What is a Brain Tumor?
brain tumor is any intracranial mass created by an abnormal and
uncontrolled growth of cells either normally found in the brain
itself: neurons, glial cells (astrocytes, oligodendrocytes,
ependymal cells), lymphatic tissue, blood vessels), in the cranial
nerves (myelin producing Schwann cells), in the brain envelopes (meninges),
skull, pituitary and pineal gland, or spread from cancers primarily
located in other organs (metastatic tumors).
Primary (true) brain tumors are commonly located in the posterior
cranial fossa in children and in the anterior two-thirds of the
cerebral hemispheres in adults, although they can affect any part of
In the United States in the year 2000, it was estimated that there
were 16,500 new cases of brain tumors1, which accounted for 1.4% of
all cancers, 2.4% of all cancer deaths2, and 20%?25% of pediatric
cancers2,3. Ultimately, it is estimated that there are 13,000
deaths/year as a result of brain tumors.
Aside from exposure to vinyl chloride
or ionizing radiation, there are no known environmental factors
associated with brain tumors. Mutations and deletions of so-called
tumor supressor genes are incriminated in some forms of brain
tumors. Patients with various inherited diseases, such as Von
Hippel-Lindau syndrome, multiple endocrine neoplasia,
neurofibromatosis type 2 are at high risk of developing brain
The kind of symptoms brain tumors may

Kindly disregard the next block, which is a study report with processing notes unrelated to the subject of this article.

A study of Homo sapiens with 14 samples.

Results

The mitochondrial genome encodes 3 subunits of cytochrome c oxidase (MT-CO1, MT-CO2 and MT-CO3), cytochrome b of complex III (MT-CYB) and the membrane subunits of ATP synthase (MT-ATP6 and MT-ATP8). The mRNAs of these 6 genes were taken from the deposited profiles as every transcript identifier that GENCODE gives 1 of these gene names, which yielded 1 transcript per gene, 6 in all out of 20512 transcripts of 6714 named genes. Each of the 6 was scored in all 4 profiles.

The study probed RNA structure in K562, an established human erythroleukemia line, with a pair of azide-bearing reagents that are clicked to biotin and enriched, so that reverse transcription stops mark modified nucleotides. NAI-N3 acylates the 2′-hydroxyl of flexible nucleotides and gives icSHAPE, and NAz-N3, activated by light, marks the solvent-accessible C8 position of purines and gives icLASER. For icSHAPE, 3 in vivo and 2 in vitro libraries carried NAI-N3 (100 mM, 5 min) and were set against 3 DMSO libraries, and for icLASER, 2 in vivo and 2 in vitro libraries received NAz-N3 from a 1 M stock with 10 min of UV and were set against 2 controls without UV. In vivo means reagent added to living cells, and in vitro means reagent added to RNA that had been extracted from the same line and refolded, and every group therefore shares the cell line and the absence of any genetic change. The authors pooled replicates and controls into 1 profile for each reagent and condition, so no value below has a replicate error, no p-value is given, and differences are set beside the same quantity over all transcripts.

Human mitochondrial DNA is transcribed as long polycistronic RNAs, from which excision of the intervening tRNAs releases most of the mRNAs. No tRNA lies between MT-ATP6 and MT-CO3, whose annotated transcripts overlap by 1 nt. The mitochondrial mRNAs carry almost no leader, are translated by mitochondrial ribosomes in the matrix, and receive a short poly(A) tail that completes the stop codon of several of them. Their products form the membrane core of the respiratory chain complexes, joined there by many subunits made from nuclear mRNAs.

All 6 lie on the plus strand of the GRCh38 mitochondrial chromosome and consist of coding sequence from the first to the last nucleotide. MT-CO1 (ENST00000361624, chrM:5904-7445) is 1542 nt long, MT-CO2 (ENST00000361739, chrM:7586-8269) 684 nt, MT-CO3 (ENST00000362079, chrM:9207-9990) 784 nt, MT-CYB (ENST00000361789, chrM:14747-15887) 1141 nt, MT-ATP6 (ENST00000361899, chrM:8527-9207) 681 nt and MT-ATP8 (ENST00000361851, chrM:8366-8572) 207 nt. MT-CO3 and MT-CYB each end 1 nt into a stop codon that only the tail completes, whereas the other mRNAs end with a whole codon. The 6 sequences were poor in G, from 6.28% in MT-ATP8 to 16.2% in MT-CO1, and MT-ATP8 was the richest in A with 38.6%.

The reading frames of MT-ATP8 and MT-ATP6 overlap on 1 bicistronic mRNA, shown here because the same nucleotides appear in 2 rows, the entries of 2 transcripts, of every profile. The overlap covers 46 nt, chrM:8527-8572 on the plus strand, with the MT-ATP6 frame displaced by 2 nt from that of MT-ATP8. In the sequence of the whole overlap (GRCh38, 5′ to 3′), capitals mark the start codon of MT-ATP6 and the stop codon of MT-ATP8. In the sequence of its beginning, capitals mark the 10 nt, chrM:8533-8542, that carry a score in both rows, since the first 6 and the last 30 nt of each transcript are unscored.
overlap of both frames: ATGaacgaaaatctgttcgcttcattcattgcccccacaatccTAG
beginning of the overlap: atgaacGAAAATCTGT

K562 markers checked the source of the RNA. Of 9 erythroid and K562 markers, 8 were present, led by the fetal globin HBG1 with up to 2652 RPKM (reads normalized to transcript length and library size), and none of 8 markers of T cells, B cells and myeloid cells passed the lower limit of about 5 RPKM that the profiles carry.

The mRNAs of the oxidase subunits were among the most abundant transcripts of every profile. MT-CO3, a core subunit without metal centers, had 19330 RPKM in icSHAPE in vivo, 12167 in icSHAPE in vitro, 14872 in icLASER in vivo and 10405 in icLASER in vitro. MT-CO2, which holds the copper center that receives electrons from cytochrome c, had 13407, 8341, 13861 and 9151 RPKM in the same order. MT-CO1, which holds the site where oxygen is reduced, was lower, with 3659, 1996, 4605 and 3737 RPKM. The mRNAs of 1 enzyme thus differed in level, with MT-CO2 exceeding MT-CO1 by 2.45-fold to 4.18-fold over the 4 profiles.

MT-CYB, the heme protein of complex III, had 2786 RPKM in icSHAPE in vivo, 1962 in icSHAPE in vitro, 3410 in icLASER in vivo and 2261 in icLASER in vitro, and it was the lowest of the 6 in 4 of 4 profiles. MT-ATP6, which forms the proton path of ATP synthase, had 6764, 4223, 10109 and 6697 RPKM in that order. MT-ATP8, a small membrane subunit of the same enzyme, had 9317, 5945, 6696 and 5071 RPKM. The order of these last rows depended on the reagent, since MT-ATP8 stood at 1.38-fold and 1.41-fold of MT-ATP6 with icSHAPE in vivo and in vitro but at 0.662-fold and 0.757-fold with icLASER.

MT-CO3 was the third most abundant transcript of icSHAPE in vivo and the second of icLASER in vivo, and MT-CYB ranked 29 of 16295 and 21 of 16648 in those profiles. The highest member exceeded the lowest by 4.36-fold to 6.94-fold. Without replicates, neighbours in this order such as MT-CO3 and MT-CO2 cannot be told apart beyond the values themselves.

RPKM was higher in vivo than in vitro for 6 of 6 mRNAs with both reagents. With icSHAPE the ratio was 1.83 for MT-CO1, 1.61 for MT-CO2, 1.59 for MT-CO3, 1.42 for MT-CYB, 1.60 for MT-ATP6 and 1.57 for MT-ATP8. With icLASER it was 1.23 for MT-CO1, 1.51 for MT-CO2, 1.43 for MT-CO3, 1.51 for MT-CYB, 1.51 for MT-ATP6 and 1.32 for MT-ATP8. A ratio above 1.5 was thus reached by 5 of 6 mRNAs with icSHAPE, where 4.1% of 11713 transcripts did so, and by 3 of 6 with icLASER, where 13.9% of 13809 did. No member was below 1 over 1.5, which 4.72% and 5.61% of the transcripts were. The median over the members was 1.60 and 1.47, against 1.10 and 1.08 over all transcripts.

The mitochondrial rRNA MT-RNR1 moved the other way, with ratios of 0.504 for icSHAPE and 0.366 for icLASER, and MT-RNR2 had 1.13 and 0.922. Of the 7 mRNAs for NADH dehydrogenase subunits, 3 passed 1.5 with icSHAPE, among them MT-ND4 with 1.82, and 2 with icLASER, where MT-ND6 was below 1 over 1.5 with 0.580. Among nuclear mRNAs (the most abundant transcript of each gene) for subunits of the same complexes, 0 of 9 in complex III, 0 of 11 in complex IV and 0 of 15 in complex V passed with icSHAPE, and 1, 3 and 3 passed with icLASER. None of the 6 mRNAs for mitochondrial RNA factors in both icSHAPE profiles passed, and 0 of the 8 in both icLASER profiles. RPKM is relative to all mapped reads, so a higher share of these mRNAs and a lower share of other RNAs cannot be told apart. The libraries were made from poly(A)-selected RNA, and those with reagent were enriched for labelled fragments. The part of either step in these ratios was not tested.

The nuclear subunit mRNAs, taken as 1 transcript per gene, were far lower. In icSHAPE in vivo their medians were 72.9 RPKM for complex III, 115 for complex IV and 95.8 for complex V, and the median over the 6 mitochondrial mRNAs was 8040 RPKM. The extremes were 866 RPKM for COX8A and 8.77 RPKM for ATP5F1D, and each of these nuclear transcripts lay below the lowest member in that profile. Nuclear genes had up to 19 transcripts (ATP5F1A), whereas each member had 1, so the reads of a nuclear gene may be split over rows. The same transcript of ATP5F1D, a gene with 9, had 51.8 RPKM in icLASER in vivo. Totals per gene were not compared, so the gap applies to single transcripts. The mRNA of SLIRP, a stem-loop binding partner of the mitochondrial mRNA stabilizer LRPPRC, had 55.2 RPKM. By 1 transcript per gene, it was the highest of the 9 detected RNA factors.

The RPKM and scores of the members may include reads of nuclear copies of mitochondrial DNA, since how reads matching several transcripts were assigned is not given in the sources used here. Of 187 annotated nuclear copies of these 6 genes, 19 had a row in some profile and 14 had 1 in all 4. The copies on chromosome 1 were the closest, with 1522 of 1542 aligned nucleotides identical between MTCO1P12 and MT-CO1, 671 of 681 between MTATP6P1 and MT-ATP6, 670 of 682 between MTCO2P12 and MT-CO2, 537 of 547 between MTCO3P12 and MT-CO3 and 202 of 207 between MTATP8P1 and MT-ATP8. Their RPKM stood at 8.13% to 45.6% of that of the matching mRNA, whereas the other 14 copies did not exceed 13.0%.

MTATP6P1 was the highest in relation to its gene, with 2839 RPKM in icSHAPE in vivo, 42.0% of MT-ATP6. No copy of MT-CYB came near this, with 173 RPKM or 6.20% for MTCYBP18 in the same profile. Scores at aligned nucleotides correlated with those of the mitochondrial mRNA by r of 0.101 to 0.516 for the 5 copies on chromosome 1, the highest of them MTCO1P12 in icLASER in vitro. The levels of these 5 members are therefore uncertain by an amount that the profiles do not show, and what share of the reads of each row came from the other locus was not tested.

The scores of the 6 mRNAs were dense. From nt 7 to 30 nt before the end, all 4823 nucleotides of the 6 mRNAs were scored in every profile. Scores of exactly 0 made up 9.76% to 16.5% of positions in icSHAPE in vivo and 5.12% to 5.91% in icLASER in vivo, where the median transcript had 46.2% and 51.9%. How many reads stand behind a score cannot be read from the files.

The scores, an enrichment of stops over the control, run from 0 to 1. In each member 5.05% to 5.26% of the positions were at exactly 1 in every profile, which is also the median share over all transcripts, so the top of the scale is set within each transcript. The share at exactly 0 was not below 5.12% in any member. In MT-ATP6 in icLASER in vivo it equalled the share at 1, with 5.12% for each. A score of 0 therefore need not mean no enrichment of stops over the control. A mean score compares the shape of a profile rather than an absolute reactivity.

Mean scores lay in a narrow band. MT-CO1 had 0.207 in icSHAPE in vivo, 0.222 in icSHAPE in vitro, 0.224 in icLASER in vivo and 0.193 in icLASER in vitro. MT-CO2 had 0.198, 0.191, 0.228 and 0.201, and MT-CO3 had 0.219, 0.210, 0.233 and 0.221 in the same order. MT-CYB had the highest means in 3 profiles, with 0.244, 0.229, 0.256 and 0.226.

cause depend on two factors: tumor size (volume) and tumor location.
The time point of symptom onset in the course of disease correlates
in many cases with the nature of the tumor (enign, i.e.
slow-growing/late symptom onset, or malignant, i.e. fast
growing/early symptom onset).
Many low-grade (benign) tumors can remain asymptomatic
(symptom-free) for years and they may accidentally be discovered by
imaging exams for unrelated reasons (such as a minor trauma)
New onset of epilepsy4 is a frequent reason for seeking medical
attention in brain tumor cases.
Large tumors or tumors with extensive perifocal swelling edema
inevitably lead to elevated intracranial pressure (intracranial
hypertension), which translates clinically into headaches, vomiting
(sometimes without nausea), altered state of consciousness
(somnolence, coma), dilatation of the pupil on the side of the
lesion (anisocoria), papilledema (prominent optic disc at the
funduscopic examination). However, even small tumors obstructing the
passage of cerebrospinal fluid (CSF) may cause early signs of
intracranial hypertension. Intracranial hypertension may result in
herniation (i.e. displacement) of certain parts of the brain, such
as the cerebellar tonsils or the temporal uncus, resulting in lethal
brainstem compression. In young children, elevated intracranial
pressure may cause an increase in the diameter of the skull and
bulging of the fontanelles.
Depending on the tumor location and the damage it may have caused to
surrounding brain structures, either through compression or
infiltration, any type of focal neurologic symptoms may occur, such
as cognitive and behavioral impairment, personality changes,
hemiparesis, (hemi)hypesthesia, aphasia, ataxia, visual field
impairment, facial paralysis, double vision, tremor etc. It cannot
be stressed enough that these symptoms are not specific for brain
tumors - they may be caused by a large variety of neurologic
conditions (e.g. stroke, traumatic brain injury). What counts,
however, is the location of the lesion and the functional systems
(e.g. motor, sensory, visual, etc.) it affects.
A bilateral temporal visual field defect (bitemporal hemianopia?due
to compression of the optic chiasm), often associated with endocrine
disfunction?either hypopituitarism or hyperproduction of pituitary
hormones and hyperprolactinemia is suggestive of a pituitary tumor.